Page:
In Sudhir Kumar verma Vs ITO, the assesse claimed that stripend was exempt u/s 10(16) on various grounds like- learning, no contribution expected, to meet cost of books, coaching fee, examination fees etc...The decision was finally given in assessee's favor.There are many other case laws which have very lucidly explained the present issue and provision u/s 10(16) of the I T Act. Some of these are
1. If scholarship is paid only for meeting the cost of education, the fact that the recipient does not spend the whole amount towards education or that he is able to save something out of it would not detract from the character of the payment being one for scholarship. CIT v. V.K. Balachandran  147 ITR 4 (Mad.).
2. The proper view to take on section 10(16) of the Act would be that scholarship, even though income in the hands of the scholar-recipient, would not be ncluded in the taxable total income, if it was a scholarship granted to meet the cost of education - Dr. V. Mahadev v. CIT  51 Taxman 411/184 ITR 533 (Mad.).
3. Assessee received a scholarship from a US hospital to aid his study and research and not for the services rendered, Karnataka High Court held that the scholarship would be exempt under section 10(16), even though it was partly taxable under the American law - Addl. CIT  128 ITR 527 (Kar.).
4. Where the company of which the assessee was an employee granted scholarships to the children of its employees solely at its discretion without any reference to the terms of employment of the employees, and the assessee’s children had also received certain sum as scholarships from the company, even if the amounts were taken as having been paid to the assessee, they were amounts of scholarship and hence not liable to be included in the computation of the total income of the assessee within the meaning of section 10(16) - CIT v. M.N. Nadkarni  161 ITR 544 (Bom.).
There are also ITAT's order on the same subject , favourable to assessee. For example ,Income-Tax Officer.vs Dr. V. Ramalinghaswami. (6 ITD 491) [Delhi] Tribunal held that scholarship is not taxable as per section 10(16) of the I T Act.
5. In Dr JCN Joshipura Vs ACIT [56 ITD 424]1995 , Tribunal held as follows
Dealing with the basic postulates of a scholarships in clause (16), the Hon'ble High Court in V. K. Balachandran's case has held that it is an ' income receipt '. Nevertheless, it is excluded from the total income by being brought under section 10. The view of the income-tax statute of a scholarship, therefore, differs from the popular, or dictionary, view of a ' scholarship ', whereas under the popular view, scholarship is education made available gratis, the sense in which the same expression is used in the Income-tax Act, is positive payment made to a scholar for pursuit of his education. The scholarship is made free, it would not naturally come within the ambit of section 10(16). In the sense of payment made for studies, scholarship necessarily means some payment to meet the cost of education, the payment being made to the person pursuing the education and incurring the cost thereof.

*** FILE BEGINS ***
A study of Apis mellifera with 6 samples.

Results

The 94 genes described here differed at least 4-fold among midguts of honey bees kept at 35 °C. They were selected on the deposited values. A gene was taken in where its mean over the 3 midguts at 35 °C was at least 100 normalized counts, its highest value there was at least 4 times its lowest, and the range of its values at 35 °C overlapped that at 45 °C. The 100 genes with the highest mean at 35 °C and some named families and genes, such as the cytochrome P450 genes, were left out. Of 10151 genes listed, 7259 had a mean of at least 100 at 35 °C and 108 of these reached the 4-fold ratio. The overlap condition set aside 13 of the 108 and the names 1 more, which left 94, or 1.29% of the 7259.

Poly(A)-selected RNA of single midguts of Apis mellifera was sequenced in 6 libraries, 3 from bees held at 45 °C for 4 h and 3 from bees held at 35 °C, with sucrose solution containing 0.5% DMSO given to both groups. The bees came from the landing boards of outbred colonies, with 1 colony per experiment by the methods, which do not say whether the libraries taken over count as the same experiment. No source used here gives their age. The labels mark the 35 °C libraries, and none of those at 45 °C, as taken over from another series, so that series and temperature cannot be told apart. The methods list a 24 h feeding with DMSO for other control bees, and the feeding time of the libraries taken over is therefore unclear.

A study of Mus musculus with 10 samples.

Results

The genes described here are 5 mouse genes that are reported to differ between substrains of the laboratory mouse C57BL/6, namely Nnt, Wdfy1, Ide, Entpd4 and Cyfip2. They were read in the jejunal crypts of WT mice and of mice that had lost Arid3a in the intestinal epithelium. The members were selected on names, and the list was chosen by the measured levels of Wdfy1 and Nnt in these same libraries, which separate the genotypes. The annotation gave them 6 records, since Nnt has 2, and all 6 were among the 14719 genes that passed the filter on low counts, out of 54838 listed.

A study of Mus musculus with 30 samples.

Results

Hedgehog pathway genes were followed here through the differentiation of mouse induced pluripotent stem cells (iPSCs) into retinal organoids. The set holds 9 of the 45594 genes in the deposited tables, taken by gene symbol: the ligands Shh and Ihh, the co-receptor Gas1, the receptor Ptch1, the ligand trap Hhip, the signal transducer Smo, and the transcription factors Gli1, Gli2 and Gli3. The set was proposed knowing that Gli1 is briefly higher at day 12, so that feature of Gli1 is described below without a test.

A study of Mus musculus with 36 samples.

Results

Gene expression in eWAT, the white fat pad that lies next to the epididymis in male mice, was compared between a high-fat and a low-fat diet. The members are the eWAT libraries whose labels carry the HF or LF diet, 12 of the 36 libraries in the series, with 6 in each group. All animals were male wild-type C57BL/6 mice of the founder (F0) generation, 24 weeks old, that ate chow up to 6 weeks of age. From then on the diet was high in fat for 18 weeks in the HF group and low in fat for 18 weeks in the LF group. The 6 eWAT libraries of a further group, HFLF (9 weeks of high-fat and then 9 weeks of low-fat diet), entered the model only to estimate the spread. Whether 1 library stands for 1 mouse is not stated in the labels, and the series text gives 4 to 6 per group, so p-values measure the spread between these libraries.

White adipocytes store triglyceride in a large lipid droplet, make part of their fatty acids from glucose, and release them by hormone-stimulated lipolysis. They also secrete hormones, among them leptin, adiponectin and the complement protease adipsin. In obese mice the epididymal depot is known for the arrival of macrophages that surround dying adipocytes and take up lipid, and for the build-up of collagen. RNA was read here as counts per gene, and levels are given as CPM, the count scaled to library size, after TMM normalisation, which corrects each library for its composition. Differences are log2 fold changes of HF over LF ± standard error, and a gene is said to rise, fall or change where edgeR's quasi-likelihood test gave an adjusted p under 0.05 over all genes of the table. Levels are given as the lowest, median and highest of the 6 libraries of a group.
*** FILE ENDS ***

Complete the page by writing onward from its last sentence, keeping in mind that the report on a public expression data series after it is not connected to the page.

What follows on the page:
There are, therefore, two considerations, which, altogether, make up the concept of a scholarship for meeting the cost of education within the meaning of section 10(16). One is that the scholarship is a payment intended to be an income receipt in the hands of the scholar. The other one is that whatever is paid is intended to make the cost of education of the recipient. Since the purpose is to meet the cost of education. The question whether the quantum of the payment is adequate or inadequate or is or is not, in excess of requirements are of beside the point. The scholarship may only meet the partial cost of education. Still it would be a scholarship within the meaning of section 10(16)."
From the aforesaidcase laws, we can see that the courts and Tribunals have gone beyond the meaning of scholarship given in dictionary and stated that the word scholarship given under I T Act has to be seen from the angle of purpose for which payments have been made. If the basic purpose of payment to meet the cost of enhancing the knowledge of a person, such payments can come within the meaning of scholarship which incidentally not defined under the I T Act.
Therefore, I feel that earning of internship/stripend/scholarship is totally free from tax if there are no other facts which lead to show that internship/stripend/scholarship was not a session for gaining experience or furtherance of education.